The U.S. Air Force Wants to Buy Launchers Similar to Russian S-300 System
WASHINGTON, (BM) – The U.S. Air Force wants to buy two life-size mock transporter-erector-launchers, or TELs, that mimic the physical look, as well as radar and other signatures, of those associated with Russia’s S-300PMU-1 and -2 air defense systems, learned BulgarianMilitary.com, quoting The Drive.
The service needs them to support realistic training exercises and test events within the sprawling Utah Test and Training Range, or UTTR. The planned purchases may be related to the U.S. military’s acquisition of at least two mobile radars from Ukraine in the past year or so that may be related to the S-300.
Air Force Materiel Command (AFMC) says it expects to issue a formal solicitation to buy the “high-fidelity SA-20 transport/erector/launcher (TEL) surrogates” later in September 2019. It had first announced it was interested in buying the faux TELs on Aug. 29, 2019. SA-20 is a designation the U.S. military and NATO use that covers both the S-300PMU-1 and -2, which are also sometimes referred to as the SA-20A and SA-20B respectively.
“High-fidelity surrogates are necessary to provide training of cognitive skills to live air crews,” AFMC’s contracting announcement explained. “New advancements in technology require these surrogates to be signature accurate to assist in training.”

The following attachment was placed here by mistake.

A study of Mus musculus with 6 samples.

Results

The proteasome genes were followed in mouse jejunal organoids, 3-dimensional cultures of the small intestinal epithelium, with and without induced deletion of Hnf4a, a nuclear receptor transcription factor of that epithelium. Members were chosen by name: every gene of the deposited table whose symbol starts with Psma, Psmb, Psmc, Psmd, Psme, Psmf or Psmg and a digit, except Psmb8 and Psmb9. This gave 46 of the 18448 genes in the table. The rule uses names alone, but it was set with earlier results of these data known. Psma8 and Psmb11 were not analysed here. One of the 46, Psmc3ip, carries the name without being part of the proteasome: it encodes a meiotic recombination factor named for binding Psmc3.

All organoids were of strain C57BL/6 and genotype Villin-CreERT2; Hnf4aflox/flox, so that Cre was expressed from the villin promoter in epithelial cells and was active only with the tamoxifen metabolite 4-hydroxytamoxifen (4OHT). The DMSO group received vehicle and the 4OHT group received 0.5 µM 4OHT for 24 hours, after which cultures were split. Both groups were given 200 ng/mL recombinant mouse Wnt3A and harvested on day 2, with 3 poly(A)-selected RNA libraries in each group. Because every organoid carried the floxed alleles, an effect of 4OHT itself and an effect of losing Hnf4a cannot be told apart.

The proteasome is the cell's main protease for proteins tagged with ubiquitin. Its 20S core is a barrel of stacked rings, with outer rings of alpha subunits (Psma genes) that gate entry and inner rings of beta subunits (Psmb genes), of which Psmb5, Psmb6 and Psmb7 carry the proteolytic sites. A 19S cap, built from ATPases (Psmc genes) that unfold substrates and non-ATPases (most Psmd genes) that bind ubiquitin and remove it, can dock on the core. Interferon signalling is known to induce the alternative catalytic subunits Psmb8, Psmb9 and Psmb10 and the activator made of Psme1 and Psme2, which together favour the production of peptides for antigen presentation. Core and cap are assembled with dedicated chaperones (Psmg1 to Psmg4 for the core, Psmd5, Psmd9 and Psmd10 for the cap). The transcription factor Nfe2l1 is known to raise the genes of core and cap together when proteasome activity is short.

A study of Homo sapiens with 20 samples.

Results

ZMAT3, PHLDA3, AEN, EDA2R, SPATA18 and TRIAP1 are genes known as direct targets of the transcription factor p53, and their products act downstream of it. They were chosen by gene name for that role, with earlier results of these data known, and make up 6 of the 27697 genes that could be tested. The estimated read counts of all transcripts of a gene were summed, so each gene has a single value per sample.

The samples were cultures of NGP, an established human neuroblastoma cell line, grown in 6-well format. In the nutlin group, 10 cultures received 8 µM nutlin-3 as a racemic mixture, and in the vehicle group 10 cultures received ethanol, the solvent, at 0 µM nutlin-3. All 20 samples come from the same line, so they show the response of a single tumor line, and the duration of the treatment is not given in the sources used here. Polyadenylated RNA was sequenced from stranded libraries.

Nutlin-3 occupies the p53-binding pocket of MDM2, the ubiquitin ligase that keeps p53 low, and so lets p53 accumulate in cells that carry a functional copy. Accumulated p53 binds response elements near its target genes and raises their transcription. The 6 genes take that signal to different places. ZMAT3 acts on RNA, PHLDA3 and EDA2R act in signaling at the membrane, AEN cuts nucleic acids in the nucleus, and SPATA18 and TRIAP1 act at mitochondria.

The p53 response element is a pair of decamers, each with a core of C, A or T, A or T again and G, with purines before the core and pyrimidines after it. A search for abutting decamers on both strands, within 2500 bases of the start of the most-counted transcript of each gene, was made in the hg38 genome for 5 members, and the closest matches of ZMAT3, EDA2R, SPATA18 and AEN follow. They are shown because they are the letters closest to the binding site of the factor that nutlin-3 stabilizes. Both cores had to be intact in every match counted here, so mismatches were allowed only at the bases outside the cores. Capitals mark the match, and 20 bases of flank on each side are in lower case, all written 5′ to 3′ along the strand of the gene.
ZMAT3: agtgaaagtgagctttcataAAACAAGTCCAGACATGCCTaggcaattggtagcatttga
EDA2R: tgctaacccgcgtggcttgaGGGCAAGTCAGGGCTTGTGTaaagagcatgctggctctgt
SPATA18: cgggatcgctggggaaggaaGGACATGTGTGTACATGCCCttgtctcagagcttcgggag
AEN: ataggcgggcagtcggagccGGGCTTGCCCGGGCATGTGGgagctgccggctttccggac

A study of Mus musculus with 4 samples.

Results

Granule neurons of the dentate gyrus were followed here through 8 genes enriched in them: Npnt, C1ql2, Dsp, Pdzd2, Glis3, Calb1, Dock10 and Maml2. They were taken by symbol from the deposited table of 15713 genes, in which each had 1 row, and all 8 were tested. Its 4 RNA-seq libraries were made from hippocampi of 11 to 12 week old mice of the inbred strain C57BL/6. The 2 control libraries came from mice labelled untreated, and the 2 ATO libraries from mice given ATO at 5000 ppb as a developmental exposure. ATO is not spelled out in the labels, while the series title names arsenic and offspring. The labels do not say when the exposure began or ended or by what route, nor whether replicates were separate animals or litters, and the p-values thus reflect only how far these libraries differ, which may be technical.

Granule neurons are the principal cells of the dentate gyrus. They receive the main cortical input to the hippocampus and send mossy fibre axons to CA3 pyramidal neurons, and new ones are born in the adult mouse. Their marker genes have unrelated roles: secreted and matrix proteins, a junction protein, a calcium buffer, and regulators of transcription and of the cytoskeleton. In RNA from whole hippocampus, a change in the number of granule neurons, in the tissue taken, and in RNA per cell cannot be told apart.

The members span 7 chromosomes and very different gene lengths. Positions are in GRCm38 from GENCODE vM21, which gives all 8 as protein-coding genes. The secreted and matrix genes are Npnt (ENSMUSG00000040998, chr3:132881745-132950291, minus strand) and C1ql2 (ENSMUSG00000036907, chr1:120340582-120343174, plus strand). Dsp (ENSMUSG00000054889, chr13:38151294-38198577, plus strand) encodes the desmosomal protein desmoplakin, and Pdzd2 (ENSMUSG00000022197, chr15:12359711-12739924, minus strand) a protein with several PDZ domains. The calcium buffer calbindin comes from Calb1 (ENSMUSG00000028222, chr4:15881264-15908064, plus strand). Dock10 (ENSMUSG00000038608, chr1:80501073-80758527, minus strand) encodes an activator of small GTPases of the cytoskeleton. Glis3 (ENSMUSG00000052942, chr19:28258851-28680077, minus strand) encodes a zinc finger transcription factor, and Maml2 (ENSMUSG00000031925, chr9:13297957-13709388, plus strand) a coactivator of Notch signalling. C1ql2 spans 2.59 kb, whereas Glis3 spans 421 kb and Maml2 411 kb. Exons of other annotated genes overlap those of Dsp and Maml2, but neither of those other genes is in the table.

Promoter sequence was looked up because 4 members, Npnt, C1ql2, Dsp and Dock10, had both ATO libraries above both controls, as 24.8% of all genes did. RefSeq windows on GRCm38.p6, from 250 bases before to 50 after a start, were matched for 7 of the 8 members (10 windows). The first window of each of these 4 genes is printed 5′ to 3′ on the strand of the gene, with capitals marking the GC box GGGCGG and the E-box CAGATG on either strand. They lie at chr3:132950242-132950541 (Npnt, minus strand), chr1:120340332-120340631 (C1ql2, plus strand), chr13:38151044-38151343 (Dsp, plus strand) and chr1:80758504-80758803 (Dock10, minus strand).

The Air Force says that the mock TELs have to have a radar cross section (RCS) that is representative of the real thing, but they are also interested in surrogates that have appropriate electro-optical and infrared signatures, as well. The latter could be achieved by installing systems within the mockup that produce a thermal signature in line with the engine and auxiliary power units on real examples.
The contracting documents do not specify the exact kind of TEL the Air Force wants, but they do include images of existing mockups of the version based on the 8×8 MAZ-7910 heavy truck chassis. Russia also produces semi-trailer launchers for the S-300PMU-1/2 system with various trucks able to act as the prime mover. A number of potential American opponents, including Iran and Syria, operate examples of this air defense system.
There is also no requirement for the mock TELs to be mobile themselves, with the contracting notice very clearly outlining a requirement that two personnel be able to make them ready for transport to any location within the UTTR within 30 minutes. After arriving, two individuals must be able to set them up within 30 minutes.